The Dubai-based Scottish expat Colette Barr and her latest release, The Eco-heroes Exhausts Some Energy, the fifth and last book in the Eco-heroes series, have become the talk of the town Image Credit: Supplied

Dubai: Dubai-based Colette Barr, who has authored five books in the Eco-Heroes series, is quite the hero herself.

Ahead of her fully sold out session at the Emirates Literature Festival on February 5, the Dubai-based Scottish expat and her latest release, The Eco-heroes Exhausts Some Energy, the fifth and last book in the Eco-heroes series, have become the talk of the town — with reason.

Barr, who works for a start-up in Dubai that does mangrove restoration projects and sits on the board of a UAE ocean conservation organisation, is also known for her two-decades work in the corporate sector, management consultancy and oil and gas. But now, it’s her role as a children’s books author that is winning her precious hearts.

Children as eco-influencers

So why would someone with a background like hers become a children’s book author?

“I have a few reasons,” she says. “I wanted to do something fun as well as meaningful, so writing children’s books seemed like a great way to capture important messages in a humorous way. Children have huge kindness in their hearts and are eager to change if it helps to save animals and our planet, so they can be great eco-influencers for the older generations. Hopefully, they will be inspired by The Eco-heroes and help spread their messages.”


Barr says “anyone and everyone” can champion the cause for the environment. “There’s a climate emergency and everyone needs to act. Writing and illustrating stories with local characters relevant to the region is our way of raising awareness and encouraging others to take climate action.”

A familiar face at the annual Litfests in Dubai, Barr said, “The LitFest is a great event, bringing like-minded readers and book lovers together. It’s a fantastic opportunity for authors and creatives to celebrate their work, network and stay up to date with what’s going on in the world of books. It’s a much-loved escapism.”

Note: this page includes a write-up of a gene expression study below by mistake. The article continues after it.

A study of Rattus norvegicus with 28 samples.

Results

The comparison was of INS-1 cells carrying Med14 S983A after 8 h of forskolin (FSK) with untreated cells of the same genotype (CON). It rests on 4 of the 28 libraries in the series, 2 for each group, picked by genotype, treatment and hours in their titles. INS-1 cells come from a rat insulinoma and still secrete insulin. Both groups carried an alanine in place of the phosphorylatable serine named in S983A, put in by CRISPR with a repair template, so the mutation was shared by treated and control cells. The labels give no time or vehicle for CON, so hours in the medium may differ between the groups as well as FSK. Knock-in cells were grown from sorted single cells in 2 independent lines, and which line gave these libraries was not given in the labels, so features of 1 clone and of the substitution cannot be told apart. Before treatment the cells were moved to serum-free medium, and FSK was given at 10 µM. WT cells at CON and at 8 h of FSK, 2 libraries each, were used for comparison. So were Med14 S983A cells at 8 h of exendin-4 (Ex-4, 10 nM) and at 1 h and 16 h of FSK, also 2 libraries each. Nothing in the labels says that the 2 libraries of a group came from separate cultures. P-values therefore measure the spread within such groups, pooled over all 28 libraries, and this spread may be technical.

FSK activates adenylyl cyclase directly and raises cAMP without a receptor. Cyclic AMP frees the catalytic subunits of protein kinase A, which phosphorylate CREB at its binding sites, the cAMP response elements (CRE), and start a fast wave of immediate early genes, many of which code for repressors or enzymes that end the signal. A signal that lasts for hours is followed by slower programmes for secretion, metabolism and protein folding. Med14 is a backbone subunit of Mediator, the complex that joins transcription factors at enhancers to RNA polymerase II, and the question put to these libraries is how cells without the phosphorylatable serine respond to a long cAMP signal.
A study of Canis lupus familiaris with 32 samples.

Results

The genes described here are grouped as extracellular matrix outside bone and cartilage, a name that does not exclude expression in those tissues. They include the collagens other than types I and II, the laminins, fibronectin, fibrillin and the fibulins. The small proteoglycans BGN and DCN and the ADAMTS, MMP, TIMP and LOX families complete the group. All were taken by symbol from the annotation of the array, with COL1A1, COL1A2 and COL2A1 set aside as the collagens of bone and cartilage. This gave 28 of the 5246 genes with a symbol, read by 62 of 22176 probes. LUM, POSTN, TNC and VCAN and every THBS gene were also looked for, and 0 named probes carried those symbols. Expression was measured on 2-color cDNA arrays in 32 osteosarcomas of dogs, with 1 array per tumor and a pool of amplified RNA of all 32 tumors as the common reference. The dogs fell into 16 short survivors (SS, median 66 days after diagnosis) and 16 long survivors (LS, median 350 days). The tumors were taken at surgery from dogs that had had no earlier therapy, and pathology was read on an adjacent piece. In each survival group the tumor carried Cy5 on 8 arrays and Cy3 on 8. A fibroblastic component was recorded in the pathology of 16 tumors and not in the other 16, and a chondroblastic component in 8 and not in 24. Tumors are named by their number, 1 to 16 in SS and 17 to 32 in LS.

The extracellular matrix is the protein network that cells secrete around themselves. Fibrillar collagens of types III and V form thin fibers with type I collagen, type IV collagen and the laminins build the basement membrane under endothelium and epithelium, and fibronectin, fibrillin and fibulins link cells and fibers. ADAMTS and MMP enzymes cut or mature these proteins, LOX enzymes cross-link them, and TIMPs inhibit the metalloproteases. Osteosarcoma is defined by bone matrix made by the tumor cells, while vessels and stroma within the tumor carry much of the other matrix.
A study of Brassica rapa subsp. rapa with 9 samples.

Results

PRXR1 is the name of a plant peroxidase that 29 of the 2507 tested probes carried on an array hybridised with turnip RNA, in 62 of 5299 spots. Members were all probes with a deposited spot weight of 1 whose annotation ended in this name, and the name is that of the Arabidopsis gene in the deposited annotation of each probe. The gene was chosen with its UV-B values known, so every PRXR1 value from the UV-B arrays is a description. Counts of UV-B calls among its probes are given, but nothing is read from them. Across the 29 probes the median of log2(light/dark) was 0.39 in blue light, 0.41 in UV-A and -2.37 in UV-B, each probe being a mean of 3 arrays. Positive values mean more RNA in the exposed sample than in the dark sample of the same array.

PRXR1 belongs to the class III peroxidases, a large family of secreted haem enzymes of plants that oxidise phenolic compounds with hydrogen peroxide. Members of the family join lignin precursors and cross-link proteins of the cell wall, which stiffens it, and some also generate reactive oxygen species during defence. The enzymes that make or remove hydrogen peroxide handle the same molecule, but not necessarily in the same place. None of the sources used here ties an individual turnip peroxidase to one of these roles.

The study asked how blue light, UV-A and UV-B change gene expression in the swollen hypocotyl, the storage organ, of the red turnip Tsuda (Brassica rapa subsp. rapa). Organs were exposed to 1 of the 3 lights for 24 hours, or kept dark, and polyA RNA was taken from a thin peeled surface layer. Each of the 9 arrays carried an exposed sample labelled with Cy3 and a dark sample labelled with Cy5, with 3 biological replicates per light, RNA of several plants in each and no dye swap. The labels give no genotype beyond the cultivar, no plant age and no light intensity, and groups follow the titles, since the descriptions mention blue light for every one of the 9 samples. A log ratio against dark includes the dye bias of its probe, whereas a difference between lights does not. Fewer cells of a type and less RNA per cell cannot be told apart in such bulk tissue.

She said this year’s festival is particularly significant for her. “We first appeared in 2019 with our first two books, then in 2020 for Voices of Future Generations and now again for our last book in The Eco-heroes series. It’s been great to meet other authors, both self-published and traditional.”

“We saw on the Lit Fest website that our session is sold out, but there’s a book signing afterwards. It’s always a great source of energy (excuse the pun) for us to meet our readers. We get more excited than the kids,” she added.

Single-use plastics

Ask Barr if her efforts towards protecting the environment through the Eco Heroes series is more relevant now than ever before, given the UAE’s goal to completely ban single-use plastics, she says: Yes, well, certainly addressing single-use plastics is one angle of being environmentally aware. Right now, there is a huge focus on addressing ways to achieve the UN Sustainable Development Goals and work towards the National Climate Change Plan, so the books are very timely.”

She says there are lots of ways to reduce plastic consumption at home, including refusal and reusing. “Saying no to straws and single-use items are really important in the fight against plastic, but we also need to put pressure on supermarkets, shops and restaurants (and other businesses) to stop using it. If we stop accepting it, they will hopefully stop using it too.”